Puppies need puppy food until they reach maturity. For many dog breeds, this happens around their first birthday.
For larger breeds, they may not reach maturity until between 18 months and 2 years of age. Once puppies wean off their mothers’ milk around eight weeks of age, they transition to puppy food.
Proper puppy nutrition is essential to help support their growth and development at a steady rate. Learn more about the nutrients puppies need below.
Puppy food is specially formulated to meet the needs of growing pups. It has more calories than adult dog food and proper levels of essential nutrients, including vitamins and minerals puppies need to develop healthy immune systems, strong bones and more.
Nutritional Requirements for Puppies
A complete and balanced puppy food provides puppies with essential nutrients, and these nutrients serve specific purposes when it comes to puppy growth and development.
- Protein: Puppies need more dietary protein and more essential amino acids than adult dogs to support their rapid growth and development. Some adult dog foods may have similar protein levels, but it’s important to note that they may not have the appropriate levels of other essential nutrients puppies need.
- Fat: High-energy puppies use fat as an energy source and need higher levels of essential fatty acids for rapid growth and development. Fat also ensures fat-soluble vitamins are properly absorbed by the body. Puppy foods often contain higher fat than adult dog foods.
- Calcium: As it does for humans, calcium helps puppies develop strong bones and teeth. Calcium requirements for large and giant breeds are different than those of toy, small and medium breeds. For this reason, it’s important to choose a puppy food formulated for your dog’s breed size.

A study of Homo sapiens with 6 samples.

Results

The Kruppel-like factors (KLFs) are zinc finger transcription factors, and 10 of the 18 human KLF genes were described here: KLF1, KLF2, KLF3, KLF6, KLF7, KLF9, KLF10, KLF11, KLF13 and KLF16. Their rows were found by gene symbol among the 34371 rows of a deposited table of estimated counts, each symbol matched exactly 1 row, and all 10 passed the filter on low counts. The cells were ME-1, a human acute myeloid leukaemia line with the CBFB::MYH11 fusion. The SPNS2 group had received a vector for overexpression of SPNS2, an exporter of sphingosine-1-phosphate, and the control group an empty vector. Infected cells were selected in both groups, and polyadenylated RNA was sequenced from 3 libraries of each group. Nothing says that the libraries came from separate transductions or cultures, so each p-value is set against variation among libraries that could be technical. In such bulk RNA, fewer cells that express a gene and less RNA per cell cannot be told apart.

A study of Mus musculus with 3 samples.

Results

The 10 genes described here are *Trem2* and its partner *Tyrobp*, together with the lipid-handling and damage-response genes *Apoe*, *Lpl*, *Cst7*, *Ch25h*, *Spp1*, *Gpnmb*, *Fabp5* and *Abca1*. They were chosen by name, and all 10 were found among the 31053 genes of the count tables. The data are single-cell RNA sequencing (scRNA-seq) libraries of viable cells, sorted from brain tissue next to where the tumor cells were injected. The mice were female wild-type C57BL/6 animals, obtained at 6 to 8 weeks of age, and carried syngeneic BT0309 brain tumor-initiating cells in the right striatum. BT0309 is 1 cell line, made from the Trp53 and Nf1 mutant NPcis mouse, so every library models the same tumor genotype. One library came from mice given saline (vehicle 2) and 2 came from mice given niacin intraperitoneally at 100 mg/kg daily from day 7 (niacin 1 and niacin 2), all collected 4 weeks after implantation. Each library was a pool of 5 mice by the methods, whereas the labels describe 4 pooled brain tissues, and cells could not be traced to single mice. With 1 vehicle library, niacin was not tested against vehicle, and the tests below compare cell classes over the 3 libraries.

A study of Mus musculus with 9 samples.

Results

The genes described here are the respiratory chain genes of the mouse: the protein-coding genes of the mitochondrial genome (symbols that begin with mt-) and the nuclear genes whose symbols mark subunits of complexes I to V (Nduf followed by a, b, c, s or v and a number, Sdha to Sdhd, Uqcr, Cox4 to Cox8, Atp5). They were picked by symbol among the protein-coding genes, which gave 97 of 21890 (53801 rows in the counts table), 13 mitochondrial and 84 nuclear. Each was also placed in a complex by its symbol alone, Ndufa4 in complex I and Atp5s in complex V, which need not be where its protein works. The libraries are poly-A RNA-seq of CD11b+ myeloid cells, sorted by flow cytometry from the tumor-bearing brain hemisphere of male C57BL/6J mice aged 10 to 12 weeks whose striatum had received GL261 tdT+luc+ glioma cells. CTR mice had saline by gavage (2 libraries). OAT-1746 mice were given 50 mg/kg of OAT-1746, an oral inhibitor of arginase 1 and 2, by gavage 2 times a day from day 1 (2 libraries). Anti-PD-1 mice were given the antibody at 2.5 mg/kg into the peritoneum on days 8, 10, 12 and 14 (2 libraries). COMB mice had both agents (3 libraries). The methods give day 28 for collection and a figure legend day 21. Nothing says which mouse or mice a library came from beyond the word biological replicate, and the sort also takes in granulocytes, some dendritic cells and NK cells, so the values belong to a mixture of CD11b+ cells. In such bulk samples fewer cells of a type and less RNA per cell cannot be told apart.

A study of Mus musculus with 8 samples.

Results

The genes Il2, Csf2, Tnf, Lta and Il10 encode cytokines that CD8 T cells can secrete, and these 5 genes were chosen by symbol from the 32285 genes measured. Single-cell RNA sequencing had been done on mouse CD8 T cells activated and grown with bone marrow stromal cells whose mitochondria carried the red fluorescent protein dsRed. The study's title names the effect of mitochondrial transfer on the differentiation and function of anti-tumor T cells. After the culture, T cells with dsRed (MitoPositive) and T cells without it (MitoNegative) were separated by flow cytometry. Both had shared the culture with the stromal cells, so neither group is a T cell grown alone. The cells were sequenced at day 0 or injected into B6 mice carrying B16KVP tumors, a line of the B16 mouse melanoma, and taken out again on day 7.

- Carbohydrates: Carbohydrates are another energy source for puppies. Carbs get broken down before protein or fat. Carbs are also a good source of fiber, which helps support the digestive health.
- DHA: This omega-3 fatty acid supports brain and vision development in puppies. A puppy’s first source of DHA is his mother’s milk. Once weaned, they rely on their diet to supply this essential nutrient. It’s most often sourced from fish or fish oil.
Weight Gain in Puppies
A complete and balanced diet is essential for normal growth that results in an ideal body condition once a puppy reaches adulthood.
A high-fat diet or overfeeding could result in accelerated growth rates. Puppies who grow too fast have higher risks of obesity and skeletal deformities. It can even decrease their life expectancy.
To ensure proper weight gain throughout puppyhood, feed your puppy the right amount of food each day and adjust as he grows.
Most puppies need three to four meals a day after weaning, but you can decrease the frequency of meals over time.
With the right nutrients in appropriate proportions, your puppy’s food will support him as he grows from a playful puppy into a strong and happy adult.